Have I told you? I'm currently shopping around a script of Let's Get Skinny: A Life in the Shadows. It's going to be the bio-pic to end all bio-pics, we're talking Crumb meets Donnie Brasco with a little Tron thrown in (I had to say that--it's my son Vermel's favorite movie). But to sell this baby, I have to head south, to the stinking pit of palm trees and plastic surgery. Guess what--I'm not the only one jetting to Los Angeles.
The tremendous trio of Worcester Polytechnic students who stuck their skinny fingers through the Internet Explorer security hole are also about to taste the smog of La-La Land. Lured no doubt by promises of Diet Coke and cold pepperoni pizza, the three lads are flying all-expenses-paid to L.A. to appear on an NBC talk show and discuss their geek sleuthing, which turned out to be the result of a homework lesson. And if immersion in Hollywood--well, OK--Burbank decadence isn't enough to rot the hearts of these doe-eyed techies in training, Microsoft (you know, the folks who put the 'MS' in MSNBC!) wants to put the holy trinity to work as IE 4.0 testers. Would they get to tell the press about their findings? Mmm, probably not.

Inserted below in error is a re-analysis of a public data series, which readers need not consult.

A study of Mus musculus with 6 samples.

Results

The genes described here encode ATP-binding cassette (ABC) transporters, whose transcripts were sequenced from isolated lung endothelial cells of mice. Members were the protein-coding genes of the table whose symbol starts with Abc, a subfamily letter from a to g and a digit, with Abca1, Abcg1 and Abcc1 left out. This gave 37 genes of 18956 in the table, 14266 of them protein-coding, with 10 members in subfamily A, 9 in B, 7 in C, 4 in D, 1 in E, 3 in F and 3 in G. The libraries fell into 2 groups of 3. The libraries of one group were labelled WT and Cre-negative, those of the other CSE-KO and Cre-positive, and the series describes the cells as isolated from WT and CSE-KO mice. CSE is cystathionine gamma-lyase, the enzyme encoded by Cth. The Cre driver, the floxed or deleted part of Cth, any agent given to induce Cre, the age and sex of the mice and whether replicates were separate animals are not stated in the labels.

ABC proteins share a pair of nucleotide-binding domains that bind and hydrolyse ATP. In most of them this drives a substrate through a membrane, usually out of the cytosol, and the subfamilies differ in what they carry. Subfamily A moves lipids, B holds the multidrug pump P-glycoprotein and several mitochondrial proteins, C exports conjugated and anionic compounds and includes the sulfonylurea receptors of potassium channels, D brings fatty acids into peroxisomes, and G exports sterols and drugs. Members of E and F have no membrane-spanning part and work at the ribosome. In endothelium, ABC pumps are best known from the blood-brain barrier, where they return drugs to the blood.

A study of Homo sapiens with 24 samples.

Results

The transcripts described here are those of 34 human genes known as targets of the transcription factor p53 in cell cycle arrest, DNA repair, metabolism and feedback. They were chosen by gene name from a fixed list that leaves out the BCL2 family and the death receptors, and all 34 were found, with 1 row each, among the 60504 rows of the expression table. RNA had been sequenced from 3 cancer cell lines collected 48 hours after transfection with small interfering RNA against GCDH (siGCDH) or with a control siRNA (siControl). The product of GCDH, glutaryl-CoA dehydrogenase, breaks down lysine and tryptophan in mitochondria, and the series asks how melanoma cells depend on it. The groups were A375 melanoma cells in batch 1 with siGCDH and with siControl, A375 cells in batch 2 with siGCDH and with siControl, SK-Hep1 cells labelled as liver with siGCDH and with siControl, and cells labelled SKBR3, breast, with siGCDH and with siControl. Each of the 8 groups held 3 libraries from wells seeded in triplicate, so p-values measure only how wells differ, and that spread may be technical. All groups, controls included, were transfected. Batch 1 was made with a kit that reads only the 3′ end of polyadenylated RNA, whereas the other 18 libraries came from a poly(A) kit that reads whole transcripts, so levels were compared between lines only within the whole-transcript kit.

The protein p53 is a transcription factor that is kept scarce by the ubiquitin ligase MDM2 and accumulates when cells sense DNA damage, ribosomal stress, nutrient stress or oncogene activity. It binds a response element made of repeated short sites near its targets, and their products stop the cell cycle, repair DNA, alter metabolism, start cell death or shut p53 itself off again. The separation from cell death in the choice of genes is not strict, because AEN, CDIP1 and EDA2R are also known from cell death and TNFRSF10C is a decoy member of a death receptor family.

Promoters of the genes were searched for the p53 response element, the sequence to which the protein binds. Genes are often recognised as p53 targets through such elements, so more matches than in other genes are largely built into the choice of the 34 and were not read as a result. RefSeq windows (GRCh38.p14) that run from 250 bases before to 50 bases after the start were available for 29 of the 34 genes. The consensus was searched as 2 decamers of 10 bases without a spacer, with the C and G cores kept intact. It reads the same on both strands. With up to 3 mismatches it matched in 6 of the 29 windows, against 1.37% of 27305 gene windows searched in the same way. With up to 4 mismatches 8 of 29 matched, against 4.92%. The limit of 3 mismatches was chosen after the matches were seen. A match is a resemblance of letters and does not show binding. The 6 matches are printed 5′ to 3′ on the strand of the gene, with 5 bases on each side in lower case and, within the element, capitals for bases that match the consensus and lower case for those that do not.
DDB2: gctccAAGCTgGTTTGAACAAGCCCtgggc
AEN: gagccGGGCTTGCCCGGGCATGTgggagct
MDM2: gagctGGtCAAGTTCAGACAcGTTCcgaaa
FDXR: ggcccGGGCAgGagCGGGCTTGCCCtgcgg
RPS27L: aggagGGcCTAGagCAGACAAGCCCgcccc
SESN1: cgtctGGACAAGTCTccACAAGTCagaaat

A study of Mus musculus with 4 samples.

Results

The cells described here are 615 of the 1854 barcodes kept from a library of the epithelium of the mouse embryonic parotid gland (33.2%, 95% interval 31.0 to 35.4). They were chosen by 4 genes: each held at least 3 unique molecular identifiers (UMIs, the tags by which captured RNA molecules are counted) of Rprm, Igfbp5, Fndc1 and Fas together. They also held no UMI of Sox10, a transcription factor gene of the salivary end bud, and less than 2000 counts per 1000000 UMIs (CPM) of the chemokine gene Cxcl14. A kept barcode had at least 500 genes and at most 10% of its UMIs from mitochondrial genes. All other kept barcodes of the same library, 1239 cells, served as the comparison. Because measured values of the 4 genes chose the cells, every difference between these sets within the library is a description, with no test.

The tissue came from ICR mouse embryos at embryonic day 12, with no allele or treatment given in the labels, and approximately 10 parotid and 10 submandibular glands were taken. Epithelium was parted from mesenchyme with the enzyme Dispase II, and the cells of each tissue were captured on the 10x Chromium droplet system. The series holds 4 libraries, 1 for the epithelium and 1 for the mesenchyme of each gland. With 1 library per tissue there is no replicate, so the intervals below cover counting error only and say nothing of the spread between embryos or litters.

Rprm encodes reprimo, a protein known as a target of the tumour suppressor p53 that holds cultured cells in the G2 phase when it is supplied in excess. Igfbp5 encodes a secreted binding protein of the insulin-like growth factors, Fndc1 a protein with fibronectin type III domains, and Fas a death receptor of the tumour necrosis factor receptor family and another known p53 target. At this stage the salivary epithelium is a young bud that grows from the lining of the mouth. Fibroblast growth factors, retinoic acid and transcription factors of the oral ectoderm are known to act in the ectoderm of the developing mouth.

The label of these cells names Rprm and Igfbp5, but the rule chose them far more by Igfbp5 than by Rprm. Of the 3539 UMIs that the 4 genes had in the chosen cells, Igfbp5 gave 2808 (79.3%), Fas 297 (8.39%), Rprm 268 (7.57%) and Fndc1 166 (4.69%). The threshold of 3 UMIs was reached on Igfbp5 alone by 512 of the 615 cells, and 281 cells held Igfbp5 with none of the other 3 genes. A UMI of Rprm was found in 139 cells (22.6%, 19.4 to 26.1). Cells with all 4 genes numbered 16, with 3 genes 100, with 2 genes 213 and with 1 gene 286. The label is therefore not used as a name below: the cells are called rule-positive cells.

While the Explorer exploders might soon be silenced, one man who will never shut his trap was at it again this week in San Francisco. Pretending to be a visionary at a "future vision" conference, Sun CEO Scott McNealy told dirty Microsoft jokes , insulted Corel, and questioned the wisdom of giving Internet access to those who can't afford it. One Skinny scholar fondly remembered a speech McNealy delivered a few years ago at SF's Commonwealth Club in which he scoffed at the very notion of everyone plugged into an information superhighway. "Give me a break!" he sneered.
Fellow visionary Larry Ellison did his part to amuse the crowd on Tuesday when he couldn't figure out which remote control device to use to advance his slides.
A few years ago, the visionaries were hailing the online services as the hot sweet honey of the info age. Since then, they've all taken quite a beating. Even queen bee AOL has had a bumpy ride, despite a constant upswing in subscribers. The company just recently hit the 8 million mark, according to its press releases. But look a little closer: In early February, the company said it had "over 8 million members worldwide." Later in the month, the wording was changed to "approximately 8 million." One U.K. Skinnyphile now tells me that a recent U.K. announcement said "nearly 7 million." That sounds like a typo to me, but the use of "approximately"? Is AOL hedging its numbers? Stay tuned. Don't forget to wish me luck in L.A. I'll be roaming the floor at Internet World next week and doing lunch with Kevin and Mel. Oh yes, I'll also be checking my email, so you better send me a rumor.